By John Campbell

If Down manage to overcome Kildare on Sunday at Croke Park the players need not expect to be engulfed by ecstatic fans when the final whistle is sounds.

The new ten feet high fencing at the Hill 16 end of the ground is expected to be completed in time for the game — a measure designed to ensure that the more exuberant followers are corralled at the end of matches.

Central Council took the decision to erect the fencing after spectators encroached onto the playing arena at the end of the recent Meath v Louth Leinster football final and threatened the safety of referee Martin Sludden.

Ironically, those fans entered the playing area from the Hogan Stand — perhaps a hundred yards away from Hill 16!

Yet GAA officials, clearly frustrated by the sharp reaction of the sporting public to their decision to install the fencing, are currently very much on the defensive as Sunday’s showdown looms.

President Christy Cooney takes the line that “the decision is made and that’s it” while Croke Park stadium director Peter McKenna has responded to the fans’ anger by declaring: “You would swear we were trying to rip down the Tricolour or something.”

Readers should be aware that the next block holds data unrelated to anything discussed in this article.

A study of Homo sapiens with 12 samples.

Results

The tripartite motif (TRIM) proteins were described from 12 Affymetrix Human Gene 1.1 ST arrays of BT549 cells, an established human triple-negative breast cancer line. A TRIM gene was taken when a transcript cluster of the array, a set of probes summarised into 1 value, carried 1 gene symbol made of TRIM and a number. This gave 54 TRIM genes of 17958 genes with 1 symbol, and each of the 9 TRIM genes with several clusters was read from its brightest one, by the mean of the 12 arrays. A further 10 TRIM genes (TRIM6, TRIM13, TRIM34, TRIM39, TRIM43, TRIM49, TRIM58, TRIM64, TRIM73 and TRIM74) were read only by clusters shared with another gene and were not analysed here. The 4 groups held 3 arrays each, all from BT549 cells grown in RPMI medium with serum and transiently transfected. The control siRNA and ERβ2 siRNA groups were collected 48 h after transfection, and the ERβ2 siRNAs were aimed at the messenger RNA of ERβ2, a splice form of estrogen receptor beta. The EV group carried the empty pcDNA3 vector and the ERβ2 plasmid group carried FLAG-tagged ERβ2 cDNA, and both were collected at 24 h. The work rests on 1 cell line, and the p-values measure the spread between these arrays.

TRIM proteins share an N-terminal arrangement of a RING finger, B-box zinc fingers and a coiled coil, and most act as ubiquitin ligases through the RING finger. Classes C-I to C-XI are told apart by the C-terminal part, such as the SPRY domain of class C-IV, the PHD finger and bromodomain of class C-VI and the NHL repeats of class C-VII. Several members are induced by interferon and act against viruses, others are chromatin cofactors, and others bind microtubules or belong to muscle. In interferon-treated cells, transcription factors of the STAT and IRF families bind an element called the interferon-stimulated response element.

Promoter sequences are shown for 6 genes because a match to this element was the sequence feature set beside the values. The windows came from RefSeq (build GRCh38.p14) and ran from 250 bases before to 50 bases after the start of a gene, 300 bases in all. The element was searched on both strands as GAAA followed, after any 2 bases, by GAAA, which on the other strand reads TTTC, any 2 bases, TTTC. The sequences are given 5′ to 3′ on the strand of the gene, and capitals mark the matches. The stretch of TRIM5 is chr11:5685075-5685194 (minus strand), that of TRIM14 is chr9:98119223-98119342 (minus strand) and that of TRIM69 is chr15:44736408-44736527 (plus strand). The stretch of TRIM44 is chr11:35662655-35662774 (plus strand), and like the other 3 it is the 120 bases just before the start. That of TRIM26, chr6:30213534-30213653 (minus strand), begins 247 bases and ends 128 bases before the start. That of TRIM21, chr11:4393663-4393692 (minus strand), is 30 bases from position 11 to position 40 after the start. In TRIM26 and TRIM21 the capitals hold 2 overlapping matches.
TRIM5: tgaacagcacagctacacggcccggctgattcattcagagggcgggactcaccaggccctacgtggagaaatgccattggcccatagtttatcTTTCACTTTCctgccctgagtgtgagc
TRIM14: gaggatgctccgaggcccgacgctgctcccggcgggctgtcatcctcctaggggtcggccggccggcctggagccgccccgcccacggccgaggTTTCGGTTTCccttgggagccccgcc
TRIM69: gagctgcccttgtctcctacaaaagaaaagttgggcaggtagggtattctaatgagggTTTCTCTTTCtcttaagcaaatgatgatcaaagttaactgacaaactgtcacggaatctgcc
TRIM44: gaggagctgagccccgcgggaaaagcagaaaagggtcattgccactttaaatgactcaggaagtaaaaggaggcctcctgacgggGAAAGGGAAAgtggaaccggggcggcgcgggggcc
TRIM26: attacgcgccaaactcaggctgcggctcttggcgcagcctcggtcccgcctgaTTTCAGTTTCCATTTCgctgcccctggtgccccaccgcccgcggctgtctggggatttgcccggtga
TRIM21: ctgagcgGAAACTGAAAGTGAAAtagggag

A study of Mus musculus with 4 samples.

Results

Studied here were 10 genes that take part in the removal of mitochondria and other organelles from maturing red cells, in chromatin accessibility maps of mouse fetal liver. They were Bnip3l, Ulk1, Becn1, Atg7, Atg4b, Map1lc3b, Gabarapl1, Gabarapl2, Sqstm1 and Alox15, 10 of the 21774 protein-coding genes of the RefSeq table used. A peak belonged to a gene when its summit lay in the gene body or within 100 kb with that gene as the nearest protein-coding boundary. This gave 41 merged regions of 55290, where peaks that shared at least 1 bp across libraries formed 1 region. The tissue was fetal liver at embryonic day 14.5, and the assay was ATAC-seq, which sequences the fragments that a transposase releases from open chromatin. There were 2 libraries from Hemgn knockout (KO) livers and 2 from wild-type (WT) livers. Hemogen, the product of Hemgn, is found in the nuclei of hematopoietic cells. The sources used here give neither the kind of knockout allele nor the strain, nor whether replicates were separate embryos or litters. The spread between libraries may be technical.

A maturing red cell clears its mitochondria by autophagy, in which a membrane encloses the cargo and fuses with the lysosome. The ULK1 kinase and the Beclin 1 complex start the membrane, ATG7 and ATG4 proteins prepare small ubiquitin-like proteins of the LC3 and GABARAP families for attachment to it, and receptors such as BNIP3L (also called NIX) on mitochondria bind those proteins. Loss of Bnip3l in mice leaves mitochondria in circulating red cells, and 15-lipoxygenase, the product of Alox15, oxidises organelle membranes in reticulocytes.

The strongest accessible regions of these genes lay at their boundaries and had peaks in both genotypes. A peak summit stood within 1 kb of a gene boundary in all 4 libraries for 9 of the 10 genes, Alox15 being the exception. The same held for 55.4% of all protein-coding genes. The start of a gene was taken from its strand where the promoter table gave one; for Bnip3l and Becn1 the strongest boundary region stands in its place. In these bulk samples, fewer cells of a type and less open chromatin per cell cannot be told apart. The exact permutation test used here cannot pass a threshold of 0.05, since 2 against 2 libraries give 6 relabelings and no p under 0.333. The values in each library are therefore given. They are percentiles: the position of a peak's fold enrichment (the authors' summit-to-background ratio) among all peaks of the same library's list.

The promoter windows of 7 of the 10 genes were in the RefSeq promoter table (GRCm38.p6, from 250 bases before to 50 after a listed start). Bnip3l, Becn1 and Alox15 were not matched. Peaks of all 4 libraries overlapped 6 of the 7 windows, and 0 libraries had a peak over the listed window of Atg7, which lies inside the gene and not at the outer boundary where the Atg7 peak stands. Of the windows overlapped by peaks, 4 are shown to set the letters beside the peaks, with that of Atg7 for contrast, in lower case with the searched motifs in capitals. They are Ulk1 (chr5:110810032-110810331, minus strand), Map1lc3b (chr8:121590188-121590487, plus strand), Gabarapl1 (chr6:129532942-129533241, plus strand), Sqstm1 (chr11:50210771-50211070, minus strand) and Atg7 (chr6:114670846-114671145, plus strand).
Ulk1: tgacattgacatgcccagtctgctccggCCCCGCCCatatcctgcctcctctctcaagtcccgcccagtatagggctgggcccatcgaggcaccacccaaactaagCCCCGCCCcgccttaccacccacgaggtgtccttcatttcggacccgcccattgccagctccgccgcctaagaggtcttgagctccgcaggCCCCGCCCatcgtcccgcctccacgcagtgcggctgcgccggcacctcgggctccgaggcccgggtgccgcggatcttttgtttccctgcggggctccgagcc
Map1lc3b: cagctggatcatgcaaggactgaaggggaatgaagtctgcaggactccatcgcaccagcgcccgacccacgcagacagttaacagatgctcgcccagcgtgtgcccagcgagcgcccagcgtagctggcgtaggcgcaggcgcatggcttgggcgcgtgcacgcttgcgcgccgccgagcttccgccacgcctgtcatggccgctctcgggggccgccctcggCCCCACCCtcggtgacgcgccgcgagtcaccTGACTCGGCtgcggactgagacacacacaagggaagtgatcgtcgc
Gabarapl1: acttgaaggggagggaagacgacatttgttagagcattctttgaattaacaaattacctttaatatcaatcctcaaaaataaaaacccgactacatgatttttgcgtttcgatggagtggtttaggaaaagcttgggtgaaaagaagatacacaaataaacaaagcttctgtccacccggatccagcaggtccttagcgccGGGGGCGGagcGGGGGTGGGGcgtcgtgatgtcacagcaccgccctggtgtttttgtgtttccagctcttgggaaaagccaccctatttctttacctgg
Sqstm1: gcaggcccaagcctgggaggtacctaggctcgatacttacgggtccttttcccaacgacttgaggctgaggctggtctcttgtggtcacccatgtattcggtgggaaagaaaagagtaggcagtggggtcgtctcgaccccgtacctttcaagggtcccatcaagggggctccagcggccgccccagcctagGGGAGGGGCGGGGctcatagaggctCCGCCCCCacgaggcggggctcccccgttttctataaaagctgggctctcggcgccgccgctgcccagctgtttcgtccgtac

There is perhaps, too, more than a touch of irony that Down should be involved in Sunday’s contest.

When the Mourne county won the Sam Maguire in 1960 and thus became the first team to bring the Sam Maguire Cup back across the border, some 90,000 fans attended the semi-final and final and it was the same again when they repeated their feat the following year.

But stringent health and safety procedures now mean that possible victory celebrations on Sunday will be rather muted.

It remains to be seen of course if the new fencing achieves the aim of restraining spectators from entering the field of play with Peter McKenna already making it clear that the alternative then would be to install seats on Hill 16.

“This would be very much in the nature of a last resort,” he maintains, “As things stand, the heightened fence around Hill 16 is the least intrusive option available to us. People will of course he able to see the game clearly — their view will not be impaired. It is recognised that the atmosphere on the Hill for big matches such as next Sunday’s is special and we certainly would not want to detract from that.”

And he adds: “Croke Park is recognised as a family-friendly ground. We have worked hard to establish its reputation but you could lose that very quickly. One incident and the stadium is irrevocably damaged.”